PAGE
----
In Hartford, mayor and unions step back from the brink
Hartford Mayor Luke Bronin and the city’s labor unions, its council and its legislative delegation took steps Thursday toward defusing a fight that threatened to politically isolate the new mayor as he tries to keep Connecticut’s capital city out of bankruptcy.
In a press conference at the State Capitol, union leaders stood with legislators and council leaders to say they could deliver between $8 million and $12 million in concessions, an olive branch to a mayor they decisively stopped from obtaining sweeping new authority to impose taxes and remake labor contracts.
“I want to thank the unions for that firm commitment. Today is a good day, but a tough day,” said Rep. Matt Ritter, D-Hartford. “I want to thank the mayor for bringing forth into light some of the difficult decisions he has to make.”
Bronin responded with his own upbeat news conference at City Hall, ignoring the awkward optics of state legislators and council leaders standing with union leaders, publicly urging the mayor to take a more conciliatory approach.
“I take that as a good-faith first step,” Bronin said. “We’re going to have some very tough decisions and some very tough negotiations still ahead, but I take our labor leaders at their word that they are willing and ready to make real, substantial concessions as a part of an overall effort to get the city of Hartford on the path to recovery.”
With deficits that are projected to hit $48.5 million in 2017, $69 million in 2018 and $88 million in 2019, Bronin says he will need to obtain more than $12 million in concessions and will still have to shrink the workforce through layoffs.
The city has a budget of $533 million, including $284 million for schools. Its authorized non-education workforce for 2016 is 1,429 full-time positions, including 452 police officers and 356 firefighters.
“Even the deepest cuts, and even very substantial concessions, don’t get us over the deficits we face in the years ahead,” Bronin said.
None of the union leaders at the press conference said concessions were reliant on a no-layoff pledge. The presidents of the police and fire unions, Rich Holton and Vince Fusco, said no one was challenging the existence of a fiscal crisis.
“We did not create the problems afflicting our great city, but we fully intend to be part of the solution,” said Shellye Davis, a school paraprofessional and president of the Greater Hartford Labor Council.
Bronin, 36, a Rhodes Scholar and former legal adviser to Gov. Dannel P. Malloy, took over as mayor of Hartford, an impoverished city that serves as capital of the richest state in the U.S., on New Year’s Day. He defeated Pedro Segarra, the incumbent, in a Democratic primary.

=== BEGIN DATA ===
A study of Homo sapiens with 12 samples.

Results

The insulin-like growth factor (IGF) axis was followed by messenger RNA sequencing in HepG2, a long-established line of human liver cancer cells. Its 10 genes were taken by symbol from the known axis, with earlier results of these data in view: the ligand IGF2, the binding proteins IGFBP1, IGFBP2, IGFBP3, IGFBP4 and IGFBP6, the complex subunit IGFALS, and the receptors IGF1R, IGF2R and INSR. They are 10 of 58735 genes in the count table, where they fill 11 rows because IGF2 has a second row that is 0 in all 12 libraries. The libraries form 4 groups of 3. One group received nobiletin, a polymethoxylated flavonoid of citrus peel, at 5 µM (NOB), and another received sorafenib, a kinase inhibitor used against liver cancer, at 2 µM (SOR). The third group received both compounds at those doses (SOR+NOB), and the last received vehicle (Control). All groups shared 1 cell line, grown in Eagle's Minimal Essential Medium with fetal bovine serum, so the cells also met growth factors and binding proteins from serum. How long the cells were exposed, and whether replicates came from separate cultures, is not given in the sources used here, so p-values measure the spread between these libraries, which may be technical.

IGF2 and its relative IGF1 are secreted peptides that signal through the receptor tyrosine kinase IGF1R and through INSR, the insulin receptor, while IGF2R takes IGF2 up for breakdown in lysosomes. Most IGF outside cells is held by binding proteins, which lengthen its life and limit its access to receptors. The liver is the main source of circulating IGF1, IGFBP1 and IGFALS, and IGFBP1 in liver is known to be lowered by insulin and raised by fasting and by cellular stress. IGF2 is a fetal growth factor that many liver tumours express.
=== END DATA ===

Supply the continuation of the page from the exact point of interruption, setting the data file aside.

In his first weeks in office, Bronin said that previous administrations has obscured a structural financial crisis by refinancing the city’s debt and using one-time revenues, such as the sale of a city garage, to balance the budget.
His solution was to ask the General Assembly for unprecedented powers: Under the auspices of a new Hartford Financial Sustainability Commission, he could renegotiate labor deals and impose taxes on tax-exempt institutions.
Hartford Hospital, Trinity College, the University of Hartford and major non-profits objected to the new taxing authority, while labor leaders complained that Bronin was acting precipitously in seeking to free the city of its labor commitments.
“In less than the 90 days in office, Mayor Bronin has decided to use his time pushing this legislation instead of bringing everyone to the table where they could figure this out together,” Lori Pelletier, the head of the Connecticut AFL-CIO, said in testimony submitted to the legislature. “Mr. Bronin’s strategy provides an interesting insight to his views on workers and their representatives, and that is it’s his way or the highway.”
The only applause came from the Connecticut Conference of Municipalities, which saw the proposal as a wedge that could help other struggling cities narrow the long list of property exempt from the only tax municipalities can impose: the property tax.
But Bronin soon found himself alone, potentially eroding his influence at the outset of what is likely to be a difficult four-year term. The city’s delegation to the General Assembly refused to push the mayor’s bill, and the City Council voted 8-1 on Monday to reject a resolution supporting it.
On Thursday, the measure died from inaction in the legislature’s Finance, Revenue and Bonding Committee when the panel declined to take it up at the last meeting before its deadline for reporting out legislation.
Bronin declined to say the legislation was a mistake.
“Look, I think the legislation helped shine a light on the crisis that we face, and I think it created some conversations that might not otherwise have been had,” Bronin said.
He left little doubt he would be back at the General Assembly next year looking to define the state’s financial relationship with its cities, particularly its capital city, where half the property is tax exempt. With a high tax rate, a stagnant tax base, the nation’s second smallest percentage of home ownership and the state’s highest poverty rate, Hartford cannot afford to raise taxes, he said.
“Our mill rate right now is 74. In New Haven and in Bridgeport, it’s down in the low 40s. I don’t believe we can do an across-the-board mill rate increase without killing the city,” Bronin said. “It might happen quickly. It might happen slowly. But if we continue to raise the burden on our small businesses and our mid-sized employers, we’re going to see more and more of them shut down, shutter their doors and leave town. And we cannot afford to do that to the city of Hartford.”